There are less than two months until the holidays. Around sixty days until Hanukkah, Kwanzaa, and Christmas and one of the busiest shopping days of the year is right around the corner. From Black Friday to Cyber Monday, the season seems to be an excuse to shop for gifts. The average American will spend just under a thousand dollars on holiday shopping. The National Retail Federation expects holidays sales to hit around $727.9 billion dollars this year.
If you’ve ever found yourself haunted by the ghosts of past holiday credit card bills, you aren’t alone. A quarter of those who used a credit card for their gift shopping haven’t repaid their bill nine months later.
Here are four tips to help you avoid feeling like Ebenezer Scrooge, or Bob Cratchit.
To avoid overspending during the frenzy of trying to find the perfect holiday gift, at a steal, amid the chaos of Black Friday it is essential that you know your budget. This is really a three-step process. First, make a list of who you’re buying gifts for this year. Do you have a long list of family and friends to buy for, or do you only exchange for those close to you?
Next, figure out how much you can afford to spend total. If you could only spend cash on gifts this year, how much would be available to you? Once you figure the first two out, decide how much you want to allocate to each person on your gift list.
Once you’ve set your gift budget for the season and for each person, put together a list of what you want to get everyone. This enables you to search out sales, shop around, and avoid impulse buys.
Gifts don’t have to cost a fortune. Black Friday and Cyber Monday feature some of the best door-busting deals around. But even if you don’t want to brave the crowds at five a.m. the day after Thanksgiving, you can find deals.
Once you have your list, and you’ve found your best price, stick to your list wherever possible. Don’t fall into the trap of browsing just to see what’s on sale, or shopping for yourself.
'Tis the season for giving gifts, but not to yourself! Not only do these impulse buys mess with your budget, they also make it harder for your loved ones to buy for you. Instead of picking up that random item you never knew you needed, put it on your list and pass it on when someone asks, “What do you want for the holiday?”
The holidays are especially fun with children around. The winter festivities fill kids with wonder and excitement, from the holiday decorations, to getting to see family, to PRESENTS.
Children of all ages love getting presents. Heck, who doesn’t love a gift? But the cost of what kids want seems to climb higher year after year. And, let’s be brutally honest, kids always want MORE. Kids are influenced by a steady stream of commercials and marketing that can raise their expectations to unhealthy levels.
Throw in Santa, and the expectancy can become so unrealistic that there is no way to save them from disappointment—or their parents from bankruptcy as they try to fulfill these lofty dreams. It’s easy to understand why they might get confused. If a bearded man has magical elves who make toys, why can’t they have everything they want?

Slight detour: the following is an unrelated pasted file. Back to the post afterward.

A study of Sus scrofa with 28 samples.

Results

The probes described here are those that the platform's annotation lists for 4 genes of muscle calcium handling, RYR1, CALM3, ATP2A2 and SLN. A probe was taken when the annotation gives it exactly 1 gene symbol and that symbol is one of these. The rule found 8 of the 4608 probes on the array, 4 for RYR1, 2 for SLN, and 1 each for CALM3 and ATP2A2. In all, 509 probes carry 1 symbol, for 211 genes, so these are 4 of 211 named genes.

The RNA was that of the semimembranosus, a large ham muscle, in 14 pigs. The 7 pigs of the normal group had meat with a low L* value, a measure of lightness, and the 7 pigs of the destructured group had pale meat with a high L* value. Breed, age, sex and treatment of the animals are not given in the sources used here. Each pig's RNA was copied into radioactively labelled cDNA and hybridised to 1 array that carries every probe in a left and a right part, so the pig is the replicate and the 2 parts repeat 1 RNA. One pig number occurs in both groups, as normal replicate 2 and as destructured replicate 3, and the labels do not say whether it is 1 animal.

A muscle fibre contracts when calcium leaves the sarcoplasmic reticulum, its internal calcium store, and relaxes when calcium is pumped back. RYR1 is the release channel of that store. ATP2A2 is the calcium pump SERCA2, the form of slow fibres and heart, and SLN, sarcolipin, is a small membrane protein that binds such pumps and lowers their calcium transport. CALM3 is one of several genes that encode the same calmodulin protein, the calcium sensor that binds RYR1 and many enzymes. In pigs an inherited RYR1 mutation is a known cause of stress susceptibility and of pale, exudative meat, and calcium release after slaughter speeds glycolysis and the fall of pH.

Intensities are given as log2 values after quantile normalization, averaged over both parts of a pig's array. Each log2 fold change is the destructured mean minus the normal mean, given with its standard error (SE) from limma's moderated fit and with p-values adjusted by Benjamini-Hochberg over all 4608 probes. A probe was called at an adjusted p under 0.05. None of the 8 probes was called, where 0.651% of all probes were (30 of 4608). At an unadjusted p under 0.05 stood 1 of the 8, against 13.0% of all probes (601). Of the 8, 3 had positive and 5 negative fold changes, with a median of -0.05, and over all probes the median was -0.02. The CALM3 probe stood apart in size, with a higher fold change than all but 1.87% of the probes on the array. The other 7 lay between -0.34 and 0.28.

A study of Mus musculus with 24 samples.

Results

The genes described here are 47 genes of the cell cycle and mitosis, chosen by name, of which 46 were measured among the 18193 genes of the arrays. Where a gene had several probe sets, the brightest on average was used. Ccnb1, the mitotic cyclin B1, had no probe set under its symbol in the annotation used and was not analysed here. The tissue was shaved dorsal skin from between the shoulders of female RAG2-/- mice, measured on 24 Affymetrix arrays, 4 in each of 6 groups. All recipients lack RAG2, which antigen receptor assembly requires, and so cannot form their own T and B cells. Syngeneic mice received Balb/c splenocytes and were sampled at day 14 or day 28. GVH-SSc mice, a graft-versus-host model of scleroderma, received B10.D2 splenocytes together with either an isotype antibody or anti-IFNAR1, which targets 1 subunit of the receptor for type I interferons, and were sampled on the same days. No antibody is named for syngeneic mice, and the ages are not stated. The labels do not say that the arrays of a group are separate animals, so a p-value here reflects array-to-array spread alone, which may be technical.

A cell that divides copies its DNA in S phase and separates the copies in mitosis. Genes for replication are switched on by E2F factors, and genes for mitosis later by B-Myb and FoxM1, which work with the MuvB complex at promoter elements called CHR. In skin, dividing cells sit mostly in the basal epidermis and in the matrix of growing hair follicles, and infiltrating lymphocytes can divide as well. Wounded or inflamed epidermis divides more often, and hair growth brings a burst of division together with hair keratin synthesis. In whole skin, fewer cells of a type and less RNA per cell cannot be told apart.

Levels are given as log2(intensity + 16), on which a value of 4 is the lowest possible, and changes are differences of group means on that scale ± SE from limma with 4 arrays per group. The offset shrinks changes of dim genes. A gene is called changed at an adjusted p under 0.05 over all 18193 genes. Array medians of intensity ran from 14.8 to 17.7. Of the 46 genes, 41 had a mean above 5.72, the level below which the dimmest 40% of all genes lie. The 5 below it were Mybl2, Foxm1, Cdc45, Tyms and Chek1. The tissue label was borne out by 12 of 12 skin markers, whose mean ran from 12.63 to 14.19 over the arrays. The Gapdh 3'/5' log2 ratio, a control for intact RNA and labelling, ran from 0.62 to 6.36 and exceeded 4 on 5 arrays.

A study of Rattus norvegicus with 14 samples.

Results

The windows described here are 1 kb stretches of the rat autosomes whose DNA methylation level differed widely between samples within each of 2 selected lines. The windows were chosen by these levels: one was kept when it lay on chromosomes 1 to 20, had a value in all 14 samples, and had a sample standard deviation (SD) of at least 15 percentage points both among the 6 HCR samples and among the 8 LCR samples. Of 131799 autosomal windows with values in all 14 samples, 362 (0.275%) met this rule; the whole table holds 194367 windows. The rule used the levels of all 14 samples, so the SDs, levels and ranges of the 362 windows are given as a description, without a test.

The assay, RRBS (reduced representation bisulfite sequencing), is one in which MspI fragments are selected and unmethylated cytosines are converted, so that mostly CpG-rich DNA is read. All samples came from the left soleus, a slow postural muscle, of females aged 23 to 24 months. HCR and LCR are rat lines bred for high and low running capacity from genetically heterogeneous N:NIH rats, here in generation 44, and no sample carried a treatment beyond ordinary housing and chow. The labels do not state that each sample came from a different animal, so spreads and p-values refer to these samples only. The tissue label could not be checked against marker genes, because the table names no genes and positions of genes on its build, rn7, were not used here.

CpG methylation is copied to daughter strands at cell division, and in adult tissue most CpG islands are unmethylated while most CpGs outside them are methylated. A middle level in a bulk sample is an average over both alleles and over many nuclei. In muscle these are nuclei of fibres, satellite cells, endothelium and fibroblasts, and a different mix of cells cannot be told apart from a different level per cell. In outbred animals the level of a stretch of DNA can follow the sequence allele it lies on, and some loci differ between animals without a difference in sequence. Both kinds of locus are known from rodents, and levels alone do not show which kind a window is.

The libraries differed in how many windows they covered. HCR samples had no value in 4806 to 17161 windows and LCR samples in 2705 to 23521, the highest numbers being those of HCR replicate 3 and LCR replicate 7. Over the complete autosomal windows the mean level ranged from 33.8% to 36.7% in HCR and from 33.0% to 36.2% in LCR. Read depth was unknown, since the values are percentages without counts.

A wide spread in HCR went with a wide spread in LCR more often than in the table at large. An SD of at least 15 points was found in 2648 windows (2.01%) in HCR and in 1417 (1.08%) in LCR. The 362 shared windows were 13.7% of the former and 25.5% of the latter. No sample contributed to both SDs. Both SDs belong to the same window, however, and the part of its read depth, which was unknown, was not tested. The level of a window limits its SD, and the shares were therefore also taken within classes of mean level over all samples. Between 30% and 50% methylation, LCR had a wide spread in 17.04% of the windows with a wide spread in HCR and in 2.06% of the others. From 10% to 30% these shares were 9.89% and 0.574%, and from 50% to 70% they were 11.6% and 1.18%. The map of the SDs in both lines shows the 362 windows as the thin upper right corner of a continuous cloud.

When children question Santa’s ability to fit down a chimney (especially if your home doesn’t have a chimney) or ride in a sleigh with flying reindeer, they are mature enough to develop more realistic expectations. Remind them that no one gets everything they ask for. This is a fact of life. If they bring you a long list, have them pick the things they want most. Tell them that Santa will do his best, but they will not get everything on their list. After all, they aren’t the only child asking for it.
Parents can turn the discussion around and emphasize giving and sharing as being hallmarks of the season, instead of these gift-receiving expectations. Many parents have their children choose a gift to give to charity, or “adopt” a child that’s less fortunate to illustrate a new perspective.
Remember, just because children fill their list with expensive or plentiful wants, doesn’t mean holidays have to break the bank. Kids, especially toddlers and babies, would much prefer several small gifts to one big one. And, at this young age, they’ll might prefer the box or bag to the expensive present inside.
One popular gift-giving tactic for kids is give them four smaller presents: one want, one need, one thing to wear, and one thing to read.
The easiest way to avoid overspending is to pay with cash. But, if you’re like many who hesitate to carry cash, stick to one credit card. It’s easier to track your spending and monitor activity for fraud if you are only using one account. If you use a credit card for your shopping, check your statement regularly.
You may also want to avoid “reward chasing.” The store-specific cards might tempt you to earn rewards, but you could end up paying more in the often-higher interest rates than what you would save in rewards. Not to mention, even applying for a store card goes on your credit report.
Using these four tips can help you reign in your holiday spending. The financial strain of the holiday is only one of many reasons “the Holiday Blues” are a very real thing. Creating and sticking to a budget can limit the stress of an unexpectedly high credit card bill, and the ongoing strain it can create.